Saturday, January 20, 2007

the grab bag #3

I'm just grabbing lines and more that I have come across having some relevance to my notions.

Regarding the MSM - and marketing (one of my biggest peeves!), I came across these lines on Discover Vancouver Forum (by way of RE Talks) - in reference to a recent Bollywood screening. An (apparently) East Indian girl wrote about how "white" people outnumbered "EI" people, and wondered why. Bollywood and White Folks was the thread.

El Duce Posted - 1/20/2007 4:57:16 PM
It's trendy right now, and we live in the biggest bandwagon town on the planet. There's been a lot of mainstream press on Bollywood in the last year or so.

Trendy. Like dot com and NorTel stocks, beanie babies, granite, and investment properties.

I think there is a "bubble" of people looking for new experiences.

This nugget from The Republic goes well with my
about RE opportunities on the Moon.
I am looking at it as a business investment, but the ultimate dream is to go and live there, without the baggage of the past. I’d like to open the first Israeli restaurant.

Tsiki Nasftaly, Israeli computer programmer, who bought a square kl of land on the moon slated for future settlement
And you thought I was guffin'.

And this, also from The Republic, regarding the expansion of the aquarium at Stanley Park. It catches a few things of interest to me - including a lack of public consultation, and the main industry in Vancouver - tourism. No mention of baristas and burger flippers (not to mention condo flippers), but I think they got a few things right.
I wonder if Kirk and Company asked Vancouverites if they'd favour their taxes going to subsidize a tourist-related service that was too expensive for many of them to attend.

Public subsidies, private profits

With an international reputation, about 750,000 paying customers in 2005, and an income of around $24 million, the Aquarium is an essential part of Vancouver's tourism-industrial complex. As Vancouver has evolved into a resort city, its primary industry is tourism. The only rival to the tourism complex is the real estate development industry, and in many ways they are related (many of the largest real estate investments are simultaneously investments in tourist related projects, e.g., the new "Shangri-La" investment downtown, among many others). There are massive public subsidies to the tourism industry in the form of government grants to the Canada line, designed to transfer tourists from the airport to downtown; the Convention Centre, designed to attract large business groups to Vancouver; and, of course, the underwriting of the 2010 Games.
I have not gone into my rant about the Olympics, and I don't think there is much point. I'm preaching to the choir here, so to speak.

And from Mohican's blog - something that we are all thinking, I think.
dingus said...
Great post, great blog. A great evolution from the housing blogs for those that have been around and around on the discussions there on the lack of value in that market and are trying to figure out what to do with funds they have if they don't have a mortgage to pay down.
I can only make so many crappy jokes, I'm not into whining, so I've been thinking of where to go from here. I can't even begin to imagine what will transpire. Over the last year, it seems like all bets are off (except the one that freako won over at VHB).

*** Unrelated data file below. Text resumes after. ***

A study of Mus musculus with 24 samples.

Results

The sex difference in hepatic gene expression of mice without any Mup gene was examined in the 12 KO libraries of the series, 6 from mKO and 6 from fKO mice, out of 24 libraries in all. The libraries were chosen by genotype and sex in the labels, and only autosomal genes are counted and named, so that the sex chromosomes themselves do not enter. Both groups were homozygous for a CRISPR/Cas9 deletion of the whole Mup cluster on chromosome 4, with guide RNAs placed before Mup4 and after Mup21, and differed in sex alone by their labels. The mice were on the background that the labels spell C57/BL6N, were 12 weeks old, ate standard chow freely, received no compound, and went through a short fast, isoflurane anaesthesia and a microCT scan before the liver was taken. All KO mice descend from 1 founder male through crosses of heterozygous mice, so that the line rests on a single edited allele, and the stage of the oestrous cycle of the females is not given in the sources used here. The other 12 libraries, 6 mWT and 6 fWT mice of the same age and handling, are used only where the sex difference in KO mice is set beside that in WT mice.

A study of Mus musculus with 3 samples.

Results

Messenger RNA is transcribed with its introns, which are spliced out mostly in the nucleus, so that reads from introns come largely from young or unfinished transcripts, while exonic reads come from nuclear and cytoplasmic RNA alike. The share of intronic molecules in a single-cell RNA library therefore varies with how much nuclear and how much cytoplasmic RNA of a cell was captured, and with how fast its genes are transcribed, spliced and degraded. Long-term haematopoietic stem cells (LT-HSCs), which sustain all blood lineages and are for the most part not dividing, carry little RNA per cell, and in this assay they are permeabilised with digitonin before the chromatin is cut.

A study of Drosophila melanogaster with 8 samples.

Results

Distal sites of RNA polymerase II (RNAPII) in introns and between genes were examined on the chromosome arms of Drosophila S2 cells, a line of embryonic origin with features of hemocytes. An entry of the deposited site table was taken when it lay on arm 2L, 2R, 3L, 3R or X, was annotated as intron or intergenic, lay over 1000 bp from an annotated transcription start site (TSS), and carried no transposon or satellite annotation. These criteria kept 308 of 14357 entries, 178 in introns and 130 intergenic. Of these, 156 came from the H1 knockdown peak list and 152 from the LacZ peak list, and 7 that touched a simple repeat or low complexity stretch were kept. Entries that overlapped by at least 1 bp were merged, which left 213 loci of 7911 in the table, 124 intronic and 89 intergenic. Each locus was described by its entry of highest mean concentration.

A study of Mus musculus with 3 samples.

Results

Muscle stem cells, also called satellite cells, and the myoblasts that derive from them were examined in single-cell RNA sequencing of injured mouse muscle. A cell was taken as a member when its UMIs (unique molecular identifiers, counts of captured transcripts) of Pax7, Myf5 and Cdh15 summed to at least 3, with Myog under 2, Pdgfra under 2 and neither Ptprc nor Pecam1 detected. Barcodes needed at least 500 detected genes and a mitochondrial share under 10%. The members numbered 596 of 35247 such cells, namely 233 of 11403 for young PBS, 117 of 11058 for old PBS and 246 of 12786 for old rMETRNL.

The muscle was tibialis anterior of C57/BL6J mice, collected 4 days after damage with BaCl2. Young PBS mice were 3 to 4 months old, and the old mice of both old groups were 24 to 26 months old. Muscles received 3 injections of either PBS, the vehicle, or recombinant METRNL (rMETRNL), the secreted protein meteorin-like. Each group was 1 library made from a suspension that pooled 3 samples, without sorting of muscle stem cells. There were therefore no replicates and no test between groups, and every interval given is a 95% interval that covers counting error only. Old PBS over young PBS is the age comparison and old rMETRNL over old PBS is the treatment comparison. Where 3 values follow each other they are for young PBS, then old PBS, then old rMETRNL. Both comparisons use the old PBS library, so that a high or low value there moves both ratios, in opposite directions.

I have a growing feeling that things are going to unwind quickly. I thought that a year and a half ago, but I am reminded of hunters' anecdotes of making heart shots, and the prey continuing to run - not realizing that it was already demised. A chicken without it's head is another analogy.

Beware the Ides of March?

Finally, looking at Rob Chipman's numbers, it is starting to look much more like a buyers' market. But we can guess and guess and guess until spring. We will have a better idea then.


Uncertain Buyer said...

Great Post,

Vancouver is very trendy right now. I am finding the Okanagan is the same way.

Just like the Canucks, people will turn their backs on Real Estate when it starts losing.

bc_cele said...


did you happen to catch the post about how little nurses make? There was an interesting article posted on the thread about how much doctors do or don't make sob story. I think that this article shows that CREA isn't the only incredible spin machine on the planet.

One part of the article states that the median billing to OHIP is 160K and after expenses a doctor only pulls in 98K. Ok, I've done books for several doctors and none of these numbers seemed remotely close to the mark. So I found the stats on the OMA website. 2004 stats. Seems that they were only talking about GP/family practitioners because the specialists sure are making a lot more.

Another thing to bear in mind is that many of the family practitioners don't bill OHIP because they are employed by hospitals or private employers. Also, the average billing for any GP/family practitioner rises to 200K for all those that bill >50K. The reason that many of the billings are so low is that a)having a billing number doesn't mean you use it b) there are a lot of semi-retired physicians that work only part-time c) there are doctors who only work part of the time in a billing situation and the rest in a non-billing situation.

The truest stats are those you really have to pull together. The one statement was that doctors make ~$75/hr AFTER expenses. The average full-time doctor puts in 54.7 hours a week. Assuming 48 weeks a year, that works out to an income of just shy of 200K a year. and this is exactly what I found when I was an accountant.

Talk about political spin.

bc_cele said...

Seems the OMA ref didn't come through.